Many of us want GMO labeling and it’s finally happening!
For years we’ve been fighting for something that seems so simple. We want to know what’s in our food. We’ve been asking for GMO labeling and transparency and after years of effort food industry giants now have no choice but to comply.
A few weeks ago the Senate failed to pass a bill that would prevent states from requiring GMO labeling. This was a huge victory for consumers and a disappointment for many organizations who have spent hundreds of millions of dollars to prevent labeling. This defeat also gave a green light to the small, but powerful state of Vermont. Vermont passed a GMO labeling law back in 2014 and it’s scheduled to go into effect in July 2016.
What does Vermont’s GMO labeling law mean?
As of July 2016 if a food company wants to sell food in Vermont it must comply with Vermont’s GMO labeling law. Food companies can’t realistically create separate packaging for their products sold in Vermont, so their only option is to start labeling all products. This little state has created a labeling standard that will go into effect nationwide. Pretty amazing Vermont.
Over the past few weeks we’ve seen quite a few companies come forward with an announcement that they’re going to include GMO labeling on their products. This is a huge win for all of us!
Here are the companies who are “voluntarily” implementing GMO labeling in response to Vermont’s law:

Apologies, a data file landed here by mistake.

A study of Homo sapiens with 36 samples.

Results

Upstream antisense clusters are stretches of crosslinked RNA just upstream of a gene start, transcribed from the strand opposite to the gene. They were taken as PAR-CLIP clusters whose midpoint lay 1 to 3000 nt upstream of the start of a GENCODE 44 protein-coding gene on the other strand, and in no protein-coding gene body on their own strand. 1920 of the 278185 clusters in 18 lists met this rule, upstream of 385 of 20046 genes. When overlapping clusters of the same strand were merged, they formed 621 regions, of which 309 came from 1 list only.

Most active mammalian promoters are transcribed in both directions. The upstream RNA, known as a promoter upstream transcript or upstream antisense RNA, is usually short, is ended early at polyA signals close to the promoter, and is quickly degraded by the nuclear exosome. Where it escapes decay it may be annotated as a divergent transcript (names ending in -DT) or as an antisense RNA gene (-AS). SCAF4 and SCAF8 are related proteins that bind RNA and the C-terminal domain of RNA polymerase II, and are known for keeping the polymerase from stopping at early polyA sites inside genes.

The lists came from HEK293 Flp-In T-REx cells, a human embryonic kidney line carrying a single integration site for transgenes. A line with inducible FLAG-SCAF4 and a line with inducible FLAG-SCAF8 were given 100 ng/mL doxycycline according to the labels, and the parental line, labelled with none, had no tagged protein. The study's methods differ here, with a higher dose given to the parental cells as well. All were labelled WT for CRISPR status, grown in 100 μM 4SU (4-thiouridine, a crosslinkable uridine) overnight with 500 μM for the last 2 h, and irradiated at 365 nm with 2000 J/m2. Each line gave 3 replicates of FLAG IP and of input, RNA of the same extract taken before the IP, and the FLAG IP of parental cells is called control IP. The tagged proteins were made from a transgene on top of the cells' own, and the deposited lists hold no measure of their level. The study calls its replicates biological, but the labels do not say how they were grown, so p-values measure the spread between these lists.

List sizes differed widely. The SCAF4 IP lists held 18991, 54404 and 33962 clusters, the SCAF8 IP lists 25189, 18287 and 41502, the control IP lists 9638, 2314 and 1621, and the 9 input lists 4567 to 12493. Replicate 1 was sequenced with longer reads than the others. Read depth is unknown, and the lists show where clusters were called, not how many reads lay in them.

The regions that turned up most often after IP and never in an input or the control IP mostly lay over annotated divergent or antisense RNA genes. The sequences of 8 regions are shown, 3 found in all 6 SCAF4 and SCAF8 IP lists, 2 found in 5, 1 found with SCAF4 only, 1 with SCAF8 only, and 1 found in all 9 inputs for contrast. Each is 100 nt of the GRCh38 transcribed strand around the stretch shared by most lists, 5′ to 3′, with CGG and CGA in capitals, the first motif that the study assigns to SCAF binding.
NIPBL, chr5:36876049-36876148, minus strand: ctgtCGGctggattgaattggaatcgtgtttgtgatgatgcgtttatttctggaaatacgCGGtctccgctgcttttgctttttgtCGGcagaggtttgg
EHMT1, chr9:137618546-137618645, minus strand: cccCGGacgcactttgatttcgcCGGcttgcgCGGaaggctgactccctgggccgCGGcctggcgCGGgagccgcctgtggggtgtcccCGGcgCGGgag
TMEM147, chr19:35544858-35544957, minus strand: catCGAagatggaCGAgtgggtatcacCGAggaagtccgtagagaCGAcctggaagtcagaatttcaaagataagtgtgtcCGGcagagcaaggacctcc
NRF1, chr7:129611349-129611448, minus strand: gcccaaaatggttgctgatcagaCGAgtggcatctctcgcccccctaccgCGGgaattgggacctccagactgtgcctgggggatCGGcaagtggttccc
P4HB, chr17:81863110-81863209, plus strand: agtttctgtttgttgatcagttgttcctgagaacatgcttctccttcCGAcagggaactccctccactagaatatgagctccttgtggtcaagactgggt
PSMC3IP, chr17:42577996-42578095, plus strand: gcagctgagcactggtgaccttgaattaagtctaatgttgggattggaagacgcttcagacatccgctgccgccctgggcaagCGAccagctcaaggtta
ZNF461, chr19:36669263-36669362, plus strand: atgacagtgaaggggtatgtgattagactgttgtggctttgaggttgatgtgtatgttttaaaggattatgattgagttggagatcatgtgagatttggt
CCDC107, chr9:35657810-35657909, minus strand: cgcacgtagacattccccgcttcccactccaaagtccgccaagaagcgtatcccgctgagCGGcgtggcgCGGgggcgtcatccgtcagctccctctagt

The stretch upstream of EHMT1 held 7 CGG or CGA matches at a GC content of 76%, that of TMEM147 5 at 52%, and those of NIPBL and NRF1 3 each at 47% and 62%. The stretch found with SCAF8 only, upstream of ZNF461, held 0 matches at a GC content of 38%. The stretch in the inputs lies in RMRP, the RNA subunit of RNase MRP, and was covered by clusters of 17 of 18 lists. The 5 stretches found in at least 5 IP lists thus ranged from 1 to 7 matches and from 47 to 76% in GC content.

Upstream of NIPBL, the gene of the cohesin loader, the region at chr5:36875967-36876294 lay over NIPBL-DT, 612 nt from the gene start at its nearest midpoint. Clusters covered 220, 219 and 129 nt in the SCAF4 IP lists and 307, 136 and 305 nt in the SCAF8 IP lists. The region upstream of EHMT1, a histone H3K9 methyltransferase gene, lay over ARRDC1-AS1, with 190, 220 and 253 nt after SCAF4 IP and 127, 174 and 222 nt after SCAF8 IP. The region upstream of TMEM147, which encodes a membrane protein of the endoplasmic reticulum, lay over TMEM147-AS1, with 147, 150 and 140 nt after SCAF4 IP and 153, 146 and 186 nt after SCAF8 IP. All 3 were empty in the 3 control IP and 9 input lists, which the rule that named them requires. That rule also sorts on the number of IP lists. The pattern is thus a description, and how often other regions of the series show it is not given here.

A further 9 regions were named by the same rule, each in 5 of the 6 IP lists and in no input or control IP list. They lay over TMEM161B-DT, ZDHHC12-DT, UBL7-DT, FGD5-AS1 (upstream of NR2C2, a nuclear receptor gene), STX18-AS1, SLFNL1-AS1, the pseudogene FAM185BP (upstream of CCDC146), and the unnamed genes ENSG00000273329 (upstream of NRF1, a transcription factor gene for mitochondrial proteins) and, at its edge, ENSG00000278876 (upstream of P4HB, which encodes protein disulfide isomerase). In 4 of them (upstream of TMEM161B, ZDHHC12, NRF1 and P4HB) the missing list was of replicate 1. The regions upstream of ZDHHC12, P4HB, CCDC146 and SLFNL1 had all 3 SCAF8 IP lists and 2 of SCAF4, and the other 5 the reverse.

- Campbell’s-They were the first major food company to begin GMO labeling.
- General Mills– Not only will General Mills label their products, but they also have GMO ingredient information for hundreds of their U.S. products, along with reference information up on their site.
- Mars-Some of the best selling candy is now labeled. Take a look the next time you see M&Ms, Skittles, Lifesavers and Wrigley gum for the words “Partially produced with genetic engineering“.
- ConAgra–ConAgra Foods Inc. is going nationwide with labels that will say a food product is made with genetically modified organisms. ConAgra makes many products that we’re all familiar with, including Snack Pack pudding and Peter Pan peanut butter.
- Kellogg-The Kellogg Co. joined Mars Inc. and General Mills Inc. in announcing plans to start complying with Vermont’s GMO labeling requirements that take effect in July.
This is BIG news for all consumers. GMO labeling is rapidly catching on throughout the country thanks to Vermont’s GMO labeling law. It’s important to read your labels since the GMO language can sometimes be challenging to find (small print). Try to buy organic food when you can. Remember that a non-GMO label is only certifying that a product does not contain GMOs. An organic certification provides much more, including a certification that the product doesn’t contain GMOs.
Stay tuned for more companies jumping on the GMO labeling train. When you shop do you look for food without GMOs?